When I left off at the end of the first phase, we'd just gotten started turning this 40' X 40' bare piece of desert dirt into a garden. I'd tried growing some things but the weather decided it just wasn't time to do that yet. This is why. No, it wasn't a heavy snowfall, but it snowed off and on for about three weeks, and with that snow came some below freezing temperatures. So, planting would have to wait.
While waiting, I decided to make an addition to this first path. There was still a little mulch left and even several long branches. Some of them had been burned but no problem. I placed them so we wouldn't get black legs from running into them. And, several large rocks also helped. This view is from the rear of the garden, looking toward my rig and pickup, with Marcie and Jim's motorhome at the right.
Next on the garden agenda was building a raised bed. I found some lumber in one of the stacks near the front entrance and screwed them together. In order to keep from going completely broke buying garden soil, I shoveled and hauled many buckets of red dirt from behind us. Apparently someone last year planned to use that area as a garden but never did. Of course, I still had to buy some good soil because while the red dirt MIGHT grow cactus and sagebrush, it wouldn't work for tomatoes. Since the weather seemed to be warming up, I actually planted a few jalapeño plants. They did really well---until the NEXT frost. Well, goodbye peppers.
Since a really strong windstorm had completely demolished the first fence, it was time to rebuild it. This time I sunk about eight large limbs into the ground about a foot or so. Digging wasn't too bad AFTER I got past all the rocks. I then wired a length of chicken wire to the branches. Barring a hurricane or tornado, there's no way this fence will blow over. Marcie and Jim attached the rest of the branches to the fence foundation with plastic strapping, and we decorated the resulting fence with small ornaments and birdhouses. The rowboat got a new home on the opposite side of the fence, along with the whirly thing. In the foreground is a cactus that I dug and transplanted. It's doing VERY well.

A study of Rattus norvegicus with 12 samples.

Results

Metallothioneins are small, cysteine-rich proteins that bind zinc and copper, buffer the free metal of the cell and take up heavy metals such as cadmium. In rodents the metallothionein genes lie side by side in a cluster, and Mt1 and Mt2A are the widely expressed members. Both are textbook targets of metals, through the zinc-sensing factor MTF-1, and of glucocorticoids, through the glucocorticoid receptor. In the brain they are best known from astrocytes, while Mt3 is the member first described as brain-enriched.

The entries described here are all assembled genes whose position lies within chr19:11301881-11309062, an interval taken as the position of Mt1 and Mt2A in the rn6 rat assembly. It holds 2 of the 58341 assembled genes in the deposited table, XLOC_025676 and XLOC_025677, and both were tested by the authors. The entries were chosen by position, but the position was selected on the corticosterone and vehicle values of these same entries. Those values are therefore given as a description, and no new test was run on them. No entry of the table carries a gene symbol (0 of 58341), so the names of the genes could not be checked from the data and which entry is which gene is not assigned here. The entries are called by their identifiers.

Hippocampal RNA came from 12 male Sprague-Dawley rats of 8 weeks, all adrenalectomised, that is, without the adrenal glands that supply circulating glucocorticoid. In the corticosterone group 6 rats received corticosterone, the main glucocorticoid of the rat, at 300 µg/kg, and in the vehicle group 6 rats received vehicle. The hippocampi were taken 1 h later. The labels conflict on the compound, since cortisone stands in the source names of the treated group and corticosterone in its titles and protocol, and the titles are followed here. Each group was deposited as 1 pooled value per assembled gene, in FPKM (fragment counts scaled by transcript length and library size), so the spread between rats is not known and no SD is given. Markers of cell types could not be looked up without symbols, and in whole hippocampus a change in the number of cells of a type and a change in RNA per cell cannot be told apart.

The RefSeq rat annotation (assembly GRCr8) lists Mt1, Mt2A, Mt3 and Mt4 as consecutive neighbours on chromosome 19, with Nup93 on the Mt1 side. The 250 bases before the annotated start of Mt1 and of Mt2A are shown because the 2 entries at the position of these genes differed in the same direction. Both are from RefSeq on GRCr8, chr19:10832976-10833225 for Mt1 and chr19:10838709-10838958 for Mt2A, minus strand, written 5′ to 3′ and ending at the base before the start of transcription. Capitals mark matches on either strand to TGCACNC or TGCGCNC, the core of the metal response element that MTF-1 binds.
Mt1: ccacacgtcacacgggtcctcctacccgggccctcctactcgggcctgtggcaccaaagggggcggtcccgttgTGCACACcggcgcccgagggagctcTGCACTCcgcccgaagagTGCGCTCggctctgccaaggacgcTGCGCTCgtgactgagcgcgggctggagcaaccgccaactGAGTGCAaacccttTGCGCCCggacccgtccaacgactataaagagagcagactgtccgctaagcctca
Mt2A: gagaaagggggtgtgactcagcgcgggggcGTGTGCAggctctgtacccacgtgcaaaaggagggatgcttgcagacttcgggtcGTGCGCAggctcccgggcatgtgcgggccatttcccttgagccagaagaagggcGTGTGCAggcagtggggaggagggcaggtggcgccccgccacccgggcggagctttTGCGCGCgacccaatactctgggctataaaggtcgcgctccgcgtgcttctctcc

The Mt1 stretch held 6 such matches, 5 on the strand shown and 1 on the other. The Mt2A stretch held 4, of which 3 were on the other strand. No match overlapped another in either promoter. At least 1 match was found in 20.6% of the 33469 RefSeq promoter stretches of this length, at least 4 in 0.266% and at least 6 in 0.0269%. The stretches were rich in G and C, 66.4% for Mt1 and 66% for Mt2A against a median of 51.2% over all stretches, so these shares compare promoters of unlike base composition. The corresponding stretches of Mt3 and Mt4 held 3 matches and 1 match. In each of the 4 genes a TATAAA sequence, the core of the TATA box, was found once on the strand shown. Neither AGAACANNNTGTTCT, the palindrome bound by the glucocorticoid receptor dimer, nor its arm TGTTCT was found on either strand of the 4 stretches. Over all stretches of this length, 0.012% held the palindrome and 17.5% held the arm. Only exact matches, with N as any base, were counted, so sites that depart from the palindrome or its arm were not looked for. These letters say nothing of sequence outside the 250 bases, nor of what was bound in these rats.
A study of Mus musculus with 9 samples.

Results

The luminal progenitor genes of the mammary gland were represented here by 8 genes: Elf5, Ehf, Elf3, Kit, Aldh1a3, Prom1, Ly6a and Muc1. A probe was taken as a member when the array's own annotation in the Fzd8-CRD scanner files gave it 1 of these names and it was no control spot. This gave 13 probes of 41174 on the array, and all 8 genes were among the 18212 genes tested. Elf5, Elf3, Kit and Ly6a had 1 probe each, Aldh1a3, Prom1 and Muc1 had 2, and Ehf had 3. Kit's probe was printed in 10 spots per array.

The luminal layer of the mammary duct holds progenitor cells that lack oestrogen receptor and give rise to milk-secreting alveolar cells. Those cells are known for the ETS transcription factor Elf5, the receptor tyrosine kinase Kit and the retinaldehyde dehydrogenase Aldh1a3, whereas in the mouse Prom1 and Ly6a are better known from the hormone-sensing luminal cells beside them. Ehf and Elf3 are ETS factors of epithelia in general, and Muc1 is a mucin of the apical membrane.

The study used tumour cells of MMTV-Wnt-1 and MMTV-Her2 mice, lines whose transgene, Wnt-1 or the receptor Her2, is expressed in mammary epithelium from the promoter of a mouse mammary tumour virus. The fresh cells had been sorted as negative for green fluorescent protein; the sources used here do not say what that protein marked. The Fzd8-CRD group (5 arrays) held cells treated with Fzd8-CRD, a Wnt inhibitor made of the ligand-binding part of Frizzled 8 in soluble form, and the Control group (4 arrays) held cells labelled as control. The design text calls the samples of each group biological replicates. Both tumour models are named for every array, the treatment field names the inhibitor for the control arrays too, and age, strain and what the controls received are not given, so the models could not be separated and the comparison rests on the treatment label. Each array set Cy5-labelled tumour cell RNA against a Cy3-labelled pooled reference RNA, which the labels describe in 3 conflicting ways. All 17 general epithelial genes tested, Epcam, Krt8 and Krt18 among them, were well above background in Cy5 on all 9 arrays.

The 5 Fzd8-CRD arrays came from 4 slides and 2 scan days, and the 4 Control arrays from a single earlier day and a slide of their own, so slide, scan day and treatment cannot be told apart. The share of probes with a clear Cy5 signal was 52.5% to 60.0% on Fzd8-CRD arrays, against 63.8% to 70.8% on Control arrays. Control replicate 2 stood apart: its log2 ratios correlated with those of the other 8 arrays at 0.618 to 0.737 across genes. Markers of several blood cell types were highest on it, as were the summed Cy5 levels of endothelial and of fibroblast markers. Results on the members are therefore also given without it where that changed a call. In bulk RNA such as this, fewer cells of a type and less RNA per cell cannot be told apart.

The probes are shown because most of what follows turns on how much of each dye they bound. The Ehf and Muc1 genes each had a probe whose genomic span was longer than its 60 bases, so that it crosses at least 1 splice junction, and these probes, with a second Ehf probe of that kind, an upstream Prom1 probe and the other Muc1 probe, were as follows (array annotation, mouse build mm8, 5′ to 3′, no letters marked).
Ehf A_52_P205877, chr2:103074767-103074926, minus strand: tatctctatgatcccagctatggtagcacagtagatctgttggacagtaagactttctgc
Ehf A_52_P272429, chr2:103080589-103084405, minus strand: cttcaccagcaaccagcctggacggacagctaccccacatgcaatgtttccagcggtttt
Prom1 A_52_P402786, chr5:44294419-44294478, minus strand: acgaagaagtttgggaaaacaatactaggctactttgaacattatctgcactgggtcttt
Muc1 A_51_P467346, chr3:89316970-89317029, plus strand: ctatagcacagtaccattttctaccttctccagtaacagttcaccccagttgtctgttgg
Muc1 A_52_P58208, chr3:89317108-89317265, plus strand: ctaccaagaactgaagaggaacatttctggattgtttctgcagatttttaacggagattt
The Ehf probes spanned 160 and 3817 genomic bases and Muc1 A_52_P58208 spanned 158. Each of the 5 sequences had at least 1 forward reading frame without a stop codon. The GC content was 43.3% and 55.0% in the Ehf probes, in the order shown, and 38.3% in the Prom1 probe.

The trees are now green and beautiful.
For a while we hung the hummingbird feeders on branches. However, I found something even better for the little birds. Here's our "red" tree. I've seen as many as six hummingbirds at one or the other feeders, as well as some bright yellow orioles. It's fun to watch the bird wars when the male orioles chase away the hummers. The female orioles are very laid back and everyone co-exists nicely. But, those males seem to want it all to themselves. Of course, we've needed to refill the feeders about every other day.
Since it was still too early to plant veggies or flowers, we haunted thrift stores and garage sales for fence decorations. Here are a few of our early finds.
We also found a pair of child's boots for under one of the trees. Maybe it's our beginning of Boot Hill.
The end of Phase 2 found us with the basic bones of the garden, and getting really anxious to plant things.